The Mount Cayley volcanic complex seen from the northwest in 2006. Source – Michael Scheltgen, CC SA 2.0.
Scientists are planning a “CAT scan” of a volcano in British Columbia to help harness geothermal energy.
“Canadians are often surprised to know that there are volcanoes in the country,” said Steve Grasby, geologist with Natural Resources Canada, according to CTV News Canada. “But there are active volcanoes.”
Grasby and his crew head about 24 kilometers (15 miles) west of Whistler, British Columbia, to Mount Cayley, which is part of the same mountain range as well-known volcanic peaks such as Mount St. Helens, Washington.
Mount Cayley is an eroded but potentially active stratovolcano. Part of the Garibaldi Volcanic Belt, Mount Cayley was formed by subduction zone volcanism along the western margin of North America.
Eruptive activity began about 4,000,000 years ago and has since gone through three stages of growth, the first two of which built up most of the volcano. The last eruptive period occurred within the past 400,000 years, with lesser activity continuing to the present day.
The volcano dominates the valleys of the Cheakamus and Squamish rivers, where all the peaks rise above 2,000 meters (6,600 feet). Mount Cayley is the highest at 2,385 m (7,825 ft).
The surrounding area has been inhabited by indigenous people for over 7,000 years and geothermal exploration has taken place over the past 40 years. The Geological Survey of Canada (GSC) monitors the volcano and its surroundings.
Cayley’s last lava flow dates back to the 1700s, but there is still plenty of heat left. Near Mount Meager, a well drilled in the 1970s showed temperatures of 250 C at 1.5 kilometers depth.
This amount of heat at such a shallow depth is a great opportunity for geothermal energy, Grasby said. “In terms of temperature, it’s a world-class resource,” Grasby said.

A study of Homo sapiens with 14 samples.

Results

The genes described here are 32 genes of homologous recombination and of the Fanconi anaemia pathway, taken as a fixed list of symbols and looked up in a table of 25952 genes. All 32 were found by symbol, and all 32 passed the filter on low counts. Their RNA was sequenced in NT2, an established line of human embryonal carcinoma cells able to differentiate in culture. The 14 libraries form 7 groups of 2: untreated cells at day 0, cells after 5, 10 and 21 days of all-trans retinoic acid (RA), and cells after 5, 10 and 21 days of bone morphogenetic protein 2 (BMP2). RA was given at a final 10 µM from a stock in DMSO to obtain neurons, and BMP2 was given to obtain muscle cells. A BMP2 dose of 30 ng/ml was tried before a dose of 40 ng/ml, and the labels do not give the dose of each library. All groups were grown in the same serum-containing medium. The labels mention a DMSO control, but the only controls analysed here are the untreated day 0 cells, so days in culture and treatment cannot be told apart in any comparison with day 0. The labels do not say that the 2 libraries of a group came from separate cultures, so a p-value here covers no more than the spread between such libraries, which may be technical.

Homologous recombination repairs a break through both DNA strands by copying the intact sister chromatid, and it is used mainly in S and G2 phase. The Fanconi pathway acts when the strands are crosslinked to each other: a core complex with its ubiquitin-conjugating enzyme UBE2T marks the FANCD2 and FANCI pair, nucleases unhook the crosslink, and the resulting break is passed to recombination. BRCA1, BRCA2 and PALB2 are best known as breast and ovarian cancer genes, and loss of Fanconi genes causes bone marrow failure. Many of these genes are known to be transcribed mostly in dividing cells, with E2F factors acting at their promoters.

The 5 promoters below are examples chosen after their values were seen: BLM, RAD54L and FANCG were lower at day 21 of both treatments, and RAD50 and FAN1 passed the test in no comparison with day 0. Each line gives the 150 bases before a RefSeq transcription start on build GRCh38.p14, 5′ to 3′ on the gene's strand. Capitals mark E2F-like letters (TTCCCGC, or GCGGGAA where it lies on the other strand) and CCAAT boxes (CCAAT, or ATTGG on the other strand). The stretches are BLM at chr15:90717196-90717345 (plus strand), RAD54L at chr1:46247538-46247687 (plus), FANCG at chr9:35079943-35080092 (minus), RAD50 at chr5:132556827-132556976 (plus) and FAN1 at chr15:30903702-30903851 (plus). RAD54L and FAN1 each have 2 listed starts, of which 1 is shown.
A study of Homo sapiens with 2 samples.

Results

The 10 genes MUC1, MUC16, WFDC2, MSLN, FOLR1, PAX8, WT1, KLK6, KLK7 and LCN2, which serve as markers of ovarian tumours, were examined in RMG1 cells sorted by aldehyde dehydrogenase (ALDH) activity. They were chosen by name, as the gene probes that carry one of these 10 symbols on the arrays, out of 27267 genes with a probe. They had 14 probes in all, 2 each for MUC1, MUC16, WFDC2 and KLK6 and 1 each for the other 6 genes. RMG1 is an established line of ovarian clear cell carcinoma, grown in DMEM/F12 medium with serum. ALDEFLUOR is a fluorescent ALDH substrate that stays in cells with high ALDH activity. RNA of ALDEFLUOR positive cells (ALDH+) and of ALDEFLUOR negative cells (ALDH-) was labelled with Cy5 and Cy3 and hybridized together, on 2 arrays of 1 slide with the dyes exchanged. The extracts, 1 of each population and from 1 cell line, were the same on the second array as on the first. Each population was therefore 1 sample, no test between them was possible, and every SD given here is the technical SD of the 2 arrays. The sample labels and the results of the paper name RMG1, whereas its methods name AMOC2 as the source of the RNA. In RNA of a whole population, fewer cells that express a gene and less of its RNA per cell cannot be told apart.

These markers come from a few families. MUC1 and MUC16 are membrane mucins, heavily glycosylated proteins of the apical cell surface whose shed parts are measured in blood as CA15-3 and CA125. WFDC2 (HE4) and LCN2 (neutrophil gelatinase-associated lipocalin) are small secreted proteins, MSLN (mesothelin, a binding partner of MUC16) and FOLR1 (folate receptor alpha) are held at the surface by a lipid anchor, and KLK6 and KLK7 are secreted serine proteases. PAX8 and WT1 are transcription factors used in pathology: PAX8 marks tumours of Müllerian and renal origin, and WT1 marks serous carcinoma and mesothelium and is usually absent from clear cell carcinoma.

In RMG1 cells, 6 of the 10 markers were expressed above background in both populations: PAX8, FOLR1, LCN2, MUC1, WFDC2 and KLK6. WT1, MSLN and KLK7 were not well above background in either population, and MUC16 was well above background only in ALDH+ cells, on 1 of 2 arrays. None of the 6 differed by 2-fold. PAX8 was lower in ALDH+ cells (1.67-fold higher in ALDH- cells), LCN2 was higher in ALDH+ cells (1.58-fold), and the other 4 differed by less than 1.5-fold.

How will they draw this energy?
Geothermal power plants generate electricity from the heat contained in groundwater. Their success depends on drilling wells in the right place to find the most water at the highest temperatures, according to Castanet.
Grasby says that because drilling is so expensive, they look for very high success rates, like 50% or more, unlike oil and gas drillers who only need to be right one in seven times.
So, to get the best possible result for the drill team, Grasby and his team will create a 3D map of Mount Cayley, without using traditional tools like seismic lines.
Part of the map will be drawn through the basic geology. The team will analyze what types of rocks are present to determine their degree of permeability or porosity, and will also locate and map fault systems that may contain hot water.
But here’s something surprising – They will also use methods such as examining how electromagnetic energy moves through the volcano. For example, when lightning strikes – even in a remote part of the world – geologists can examine how that energy travels through the earth, where it is absorbed and where it passes.
“We have to go all the way around the volcano, so you’re looking at it from all these different angles,” Grasby said.
“You can start developing a 3D image of what’s underground. By collecting these observations all around the volcano, you can begin to see that there is a magma chamber 10 kilometers deep or a reservoir filled with hot fluid two kilometers away.
In other words – Hooray! – we have a CAT scanner.
Canada is the only country in the Pacific that does not have geothermal wells producing energy. It’s not for lack of trying, though. Companies in Saskatchewan and British Columbia have drilled wells and a few others have plans. Alberta recently joined British Columbia in developing a regulatory regime for geothermal development.
The energy source could be a significant carbon-free contributor to Canada’s energy needs, Grasby said. “Until someone sees a geothermal well in production, it’s hard to believe this could be true. You have to see this first,” he said.